Oceanic Anoxic Events

Here is one way of looking at oceanic anoxic events. Assume that the human race/earth releases a huge volume of carbon dioxide during an interval of excessive man-made greenhouse gases/volcanism; global temperatures rise due to the greenhouse effect; global weathering rates and fluvial nutrient flux increase; organic productivity in the oceans increases; organic-carbon burial in the oceans increases (OAE begins); carbon dioxide is drawn down (inverse greenhouse effect); global temperatures fall, and the ocean–atmosphere system returns to equilibrium (OAE ends). In this way, an oceanic anoxic event can be viewed as the Earth’s response to the injection of excess carbon dioxide into the atmosphere and hydrosphere.

Past Occurrence

Oceanic Anoxic Events occurred only during periods of very warm climate characterised by high levels of carbon dioxide (CO2) and mean surface temperatures probably in excess of 25 ° C.

Atmospheric effects

A model put forward by Lee Kump, Alexander Pavlov and Michael Arthur in 2005 suggests that oceanic anoxic events may have been characterised by upwelling of water rich in highly toxic hydrogen sulfide gas which was then injected into the atmosphere. This phenomenon would likely have poisoned plants and animals and caused mass extinctions. Furthermore, it has been proposed that the hydrogen sulfide rose to the upper atmosphere and attacked the ozone layer, which normally blocks the deadly ultraviolet radiation of the Sun. The increased UV radiation caused by this ozone depletion would have amplified the destruction of plant and animal life. Fossil spores from strata recording the Permian extinction show deformities consistent with UV radiation. This evidence, combined with fossil biomarkers of green sulfur bacteria, indicates that this process could have played a role in that mass extinction event, and possibly other extinction events. The trigger for these mass extinctions appears to be a warming of the ocean caused by a rise of carbon dioxide levels to about 1000 parts per million.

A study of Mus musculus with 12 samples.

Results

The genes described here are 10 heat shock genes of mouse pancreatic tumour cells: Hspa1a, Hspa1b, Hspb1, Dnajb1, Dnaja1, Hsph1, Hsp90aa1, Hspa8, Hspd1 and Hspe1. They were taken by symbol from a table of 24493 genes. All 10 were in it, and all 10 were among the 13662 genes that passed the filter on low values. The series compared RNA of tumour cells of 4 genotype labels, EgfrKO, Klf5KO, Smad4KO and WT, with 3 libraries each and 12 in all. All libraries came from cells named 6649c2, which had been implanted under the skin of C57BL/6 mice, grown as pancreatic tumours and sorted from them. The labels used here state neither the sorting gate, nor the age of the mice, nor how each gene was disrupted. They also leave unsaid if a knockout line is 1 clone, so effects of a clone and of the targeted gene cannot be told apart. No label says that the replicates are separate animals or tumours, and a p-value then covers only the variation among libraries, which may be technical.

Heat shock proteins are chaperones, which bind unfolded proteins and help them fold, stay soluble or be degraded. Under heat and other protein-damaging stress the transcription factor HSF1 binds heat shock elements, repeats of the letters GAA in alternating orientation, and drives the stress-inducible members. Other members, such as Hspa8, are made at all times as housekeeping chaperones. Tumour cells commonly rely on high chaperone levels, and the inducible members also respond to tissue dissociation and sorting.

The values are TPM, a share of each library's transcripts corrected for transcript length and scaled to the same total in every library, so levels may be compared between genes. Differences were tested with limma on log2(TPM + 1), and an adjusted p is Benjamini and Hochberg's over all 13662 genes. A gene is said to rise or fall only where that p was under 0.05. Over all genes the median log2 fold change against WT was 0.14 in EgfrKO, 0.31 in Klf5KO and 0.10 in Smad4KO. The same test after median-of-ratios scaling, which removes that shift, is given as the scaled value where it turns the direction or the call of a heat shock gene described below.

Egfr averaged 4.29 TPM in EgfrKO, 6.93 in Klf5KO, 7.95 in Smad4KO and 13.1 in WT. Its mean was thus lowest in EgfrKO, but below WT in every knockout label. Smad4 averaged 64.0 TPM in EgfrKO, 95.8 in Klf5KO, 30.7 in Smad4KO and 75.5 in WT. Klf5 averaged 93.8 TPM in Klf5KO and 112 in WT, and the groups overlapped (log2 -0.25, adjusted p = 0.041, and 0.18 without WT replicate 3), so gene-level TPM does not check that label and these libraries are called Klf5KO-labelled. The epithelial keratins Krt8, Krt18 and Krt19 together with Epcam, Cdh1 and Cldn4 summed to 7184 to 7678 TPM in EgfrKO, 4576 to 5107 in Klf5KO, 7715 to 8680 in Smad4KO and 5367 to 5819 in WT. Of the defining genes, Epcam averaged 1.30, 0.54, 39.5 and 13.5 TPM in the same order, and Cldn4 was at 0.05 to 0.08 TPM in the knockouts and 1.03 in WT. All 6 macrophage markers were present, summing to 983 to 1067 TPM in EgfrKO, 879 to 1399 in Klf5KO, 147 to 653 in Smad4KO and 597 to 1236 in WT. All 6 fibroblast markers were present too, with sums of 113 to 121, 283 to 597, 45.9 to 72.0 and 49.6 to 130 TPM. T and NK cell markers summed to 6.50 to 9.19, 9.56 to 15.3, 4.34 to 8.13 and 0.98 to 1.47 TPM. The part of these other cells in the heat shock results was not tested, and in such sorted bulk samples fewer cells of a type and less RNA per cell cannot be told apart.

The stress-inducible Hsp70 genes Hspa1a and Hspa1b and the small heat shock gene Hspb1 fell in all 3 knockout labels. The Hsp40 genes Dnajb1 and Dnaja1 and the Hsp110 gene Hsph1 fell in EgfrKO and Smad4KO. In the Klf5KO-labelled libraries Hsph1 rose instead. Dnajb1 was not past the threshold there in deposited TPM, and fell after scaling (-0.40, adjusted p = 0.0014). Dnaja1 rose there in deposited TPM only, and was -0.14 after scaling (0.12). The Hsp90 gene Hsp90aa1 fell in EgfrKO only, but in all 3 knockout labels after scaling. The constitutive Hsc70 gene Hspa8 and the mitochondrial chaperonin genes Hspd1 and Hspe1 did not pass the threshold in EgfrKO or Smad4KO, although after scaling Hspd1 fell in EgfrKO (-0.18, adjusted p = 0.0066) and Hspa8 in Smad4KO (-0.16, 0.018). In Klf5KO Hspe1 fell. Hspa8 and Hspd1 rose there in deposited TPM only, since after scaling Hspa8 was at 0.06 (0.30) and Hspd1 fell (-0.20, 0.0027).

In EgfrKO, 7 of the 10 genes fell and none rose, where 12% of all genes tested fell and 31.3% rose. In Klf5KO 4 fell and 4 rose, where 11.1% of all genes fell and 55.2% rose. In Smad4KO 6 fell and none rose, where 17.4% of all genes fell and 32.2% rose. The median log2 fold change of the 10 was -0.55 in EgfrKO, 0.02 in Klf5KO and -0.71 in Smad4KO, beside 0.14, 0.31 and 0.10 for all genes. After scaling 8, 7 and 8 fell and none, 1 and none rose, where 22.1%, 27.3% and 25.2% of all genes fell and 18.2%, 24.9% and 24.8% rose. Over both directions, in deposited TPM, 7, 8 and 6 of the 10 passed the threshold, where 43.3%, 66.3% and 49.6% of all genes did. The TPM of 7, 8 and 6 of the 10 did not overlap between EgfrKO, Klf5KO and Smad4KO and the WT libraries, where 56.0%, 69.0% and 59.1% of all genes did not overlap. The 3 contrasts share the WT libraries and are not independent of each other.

Oceanic Anoxic Events have had many important consequences. It is believed that they have been responsible for mass extinctions of marine organisms both in the Paleozoic and Mesozoic. Apart from possible atmospheric effects, many deeper-dwelling marine organisms could not adapt to an ocean where oxygen penetrated only the surface layers.

Another, economically significant consequence of oceanic anoxic events is the fact that the prevailing conditions in so many Mesozoic oceans has helped produce most of the world's petroleum and natural gas reserves. During an oceanic anoxic event, the accumulation and preservation of organic matter was much greater than normal, allowing the generation of potential petroleum source rocks in many environments across the globe.

Some 70 percent of oil source rocks are Mesozoic in age, and another 15 percent date from the Paleogene: only rarely in colder periods were conditions favourable for the production of source rocks on anything other than a local scale. http://en.wikipedia.org/wiki/Anoxic_event

ABC Television screened the documentary ‘Crude – the incredible journey of oil’ (which can be viewed at http://www.abc.net.au/science/crude) on 24/5/07 and features an interview with Dr Lee Kump (re above) about Anoxic Ocean Events.

Crude’ is a ‘must see’ film and Lee Kump’s interview is most enlightening.